Unlocking the World

Traveling to Ghana during Covid-19: What you need to know before you go

CNN StaffUpdated 5th July 2021
Meet the resident elephants in Ghana's Mole National Park.
Editor's Note — Coronavirus cases are in flux across the globe. Health officials caution that staying home is the best way to stem transmission until you're fully vaccinated. Below is information on what to know if you still plan to travel, last updated on July 5.
(CNN) — If you're planning to travel to Ghana, here's what you'll need to know and expect if you want to visit during the global coronavirus pandemic.

The basics

Ghana reopened to international flights in September 2020. However, land and sea borders remain closed. All visitors must have proof of a negative test and take a further test on arrival.

What's on offer

Ghana may be blessed with some of West Africa's finest beaches, but it's so much more than a place to sunbathe. Its coastal forts offer an unflinching insight into the slave trade which was run by the British from these shores. The rambling Kejetia Market, in Kumasi, in the southwest of the country, is said to be the largest in this part of the continent, selling everything from jewelry to footwear. In the north, Mole National Park is the ideal place to see some of Africa's most famous animals, including elephants, hippos and warthogs.

Who can go

All visitors are now allowed into Ghana via Accra, as long as they have a negative test or undertake a second test on arrival at Kotoka International Airport.

What are the restrictions?

Unless they are Ghanaian residents who are returning to the country after having been away for one week or less, all passengers aged five and over must have proof of a negative PCR test taken within 72 hours of departure and also undertake an additional antigen test on arrival.
This costs $50 per passenger for Ghanaians and citizens of the Economic Community of West African States (ECOWAS) and $150 for everyone else, with results available within 30 minutes. Payment must be made online prior to boarding the flight to Ghana.
Ghanaian residents who have left Ghana for one week or less do not need to present a negative PCR test for departure, but still have to undertake the mandatory antigen test on arrival.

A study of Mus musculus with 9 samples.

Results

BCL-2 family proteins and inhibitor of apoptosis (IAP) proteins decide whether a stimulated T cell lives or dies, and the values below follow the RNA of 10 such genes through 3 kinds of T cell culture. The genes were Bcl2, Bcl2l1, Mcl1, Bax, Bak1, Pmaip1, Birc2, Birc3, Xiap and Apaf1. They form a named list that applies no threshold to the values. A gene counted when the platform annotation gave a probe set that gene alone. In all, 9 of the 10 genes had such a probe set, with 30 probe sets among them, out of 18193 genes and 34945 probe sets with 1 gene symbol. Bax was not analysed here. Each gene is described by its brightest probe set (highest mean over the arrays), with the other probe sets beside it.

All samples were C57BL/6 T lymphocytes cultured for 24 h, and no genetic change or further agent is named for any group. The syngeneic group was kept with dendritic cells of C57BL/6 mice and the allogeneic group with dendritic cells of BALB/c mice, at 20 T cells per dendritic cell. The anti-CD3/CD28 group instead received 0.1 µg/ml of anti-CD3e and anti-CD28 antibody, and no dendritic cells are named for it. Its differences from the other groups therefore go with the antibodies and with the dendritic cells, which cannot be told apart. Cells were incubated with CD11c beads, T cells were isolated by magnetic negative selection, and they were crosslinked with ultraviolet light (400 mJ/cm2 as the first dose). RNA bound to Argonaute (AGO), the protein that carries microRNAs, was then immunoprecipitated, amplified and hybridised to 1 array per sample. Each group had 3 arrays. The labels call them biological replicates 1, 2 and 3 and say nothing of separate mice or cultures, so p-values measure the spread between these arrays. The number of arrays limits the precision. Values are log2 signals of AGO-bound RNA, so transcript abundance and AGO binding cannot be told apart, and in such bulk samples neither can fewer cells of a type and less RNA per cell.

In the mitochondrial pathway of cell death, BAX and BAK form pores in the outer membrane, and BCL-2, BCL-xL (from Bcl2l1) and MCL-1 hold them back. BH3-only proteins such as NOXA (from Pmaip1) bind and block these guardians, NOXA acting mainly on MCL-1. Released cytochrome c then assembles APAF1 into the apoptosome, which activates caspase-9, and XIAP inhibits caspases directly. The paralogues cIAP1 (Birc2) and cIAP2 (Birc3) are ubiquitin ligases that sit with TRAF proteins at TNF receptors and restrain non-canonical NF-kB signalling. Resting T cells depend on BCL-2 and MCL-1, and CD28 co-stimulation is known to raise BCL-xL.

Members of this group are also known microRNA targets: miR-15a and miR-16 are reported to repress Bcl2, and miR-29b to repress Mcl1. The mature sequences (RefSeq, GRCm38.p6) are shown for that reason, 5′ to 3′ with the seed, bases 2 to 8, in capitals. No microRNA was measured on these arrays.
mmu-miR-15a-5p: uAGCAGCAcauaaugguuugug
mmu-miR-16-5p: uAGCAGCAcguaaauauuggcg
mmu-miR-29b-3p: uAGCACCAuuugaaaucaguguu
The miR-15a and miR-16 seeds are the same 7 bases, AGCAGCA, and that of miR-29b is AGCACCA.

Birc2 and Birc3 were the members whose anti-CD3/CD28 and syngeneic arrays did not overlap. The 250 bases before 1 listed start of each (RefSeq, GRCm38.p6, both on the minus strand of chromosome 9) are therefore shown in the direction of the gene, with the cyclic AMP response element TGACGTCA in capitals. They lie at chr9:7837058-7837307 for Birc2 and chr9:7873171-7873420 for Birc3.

In April, Ghana began digital verification of Covid-19 test results, to combat the circulation of fake results.
Anyone testing positive on arrival will immediately be transferred to hospital for further assessment. Non-residents required to isolate in a government health facility must do so at their own cost, while for Ghanaians the cost will be covered by the state.
All passengers must complete an online health declaration form and may be asked to do so again on board before landing.

What's the Covid situation?

Ghana had registered 96,317 cases of Covid-19 and 796 deaths as of July 5.
The US has moved Ghana to its Level 1 travel advisory, putting it among the world's lowest-risk destinations, where travel is permitted and full vaccination is advised.

What can visitors expect?

Masks are mandatory in public and when using public transit -- not wearing one is an arrestable offense. This includes in places such as markets and car parks.

Useful links

Our latest coverage

US music legend Stevie Wonder announced to Oprah Winfrey in February 2021 that he intended to move to Ghana.
If you're thinking of following in Wonder's footsteps, here's our list of the best things to see and do in the country.
You can also read about an exciting project making bicycles from sustainable bamboo, or see how 2019's Year of Return created a "renaissance" for Ghanaian tourism.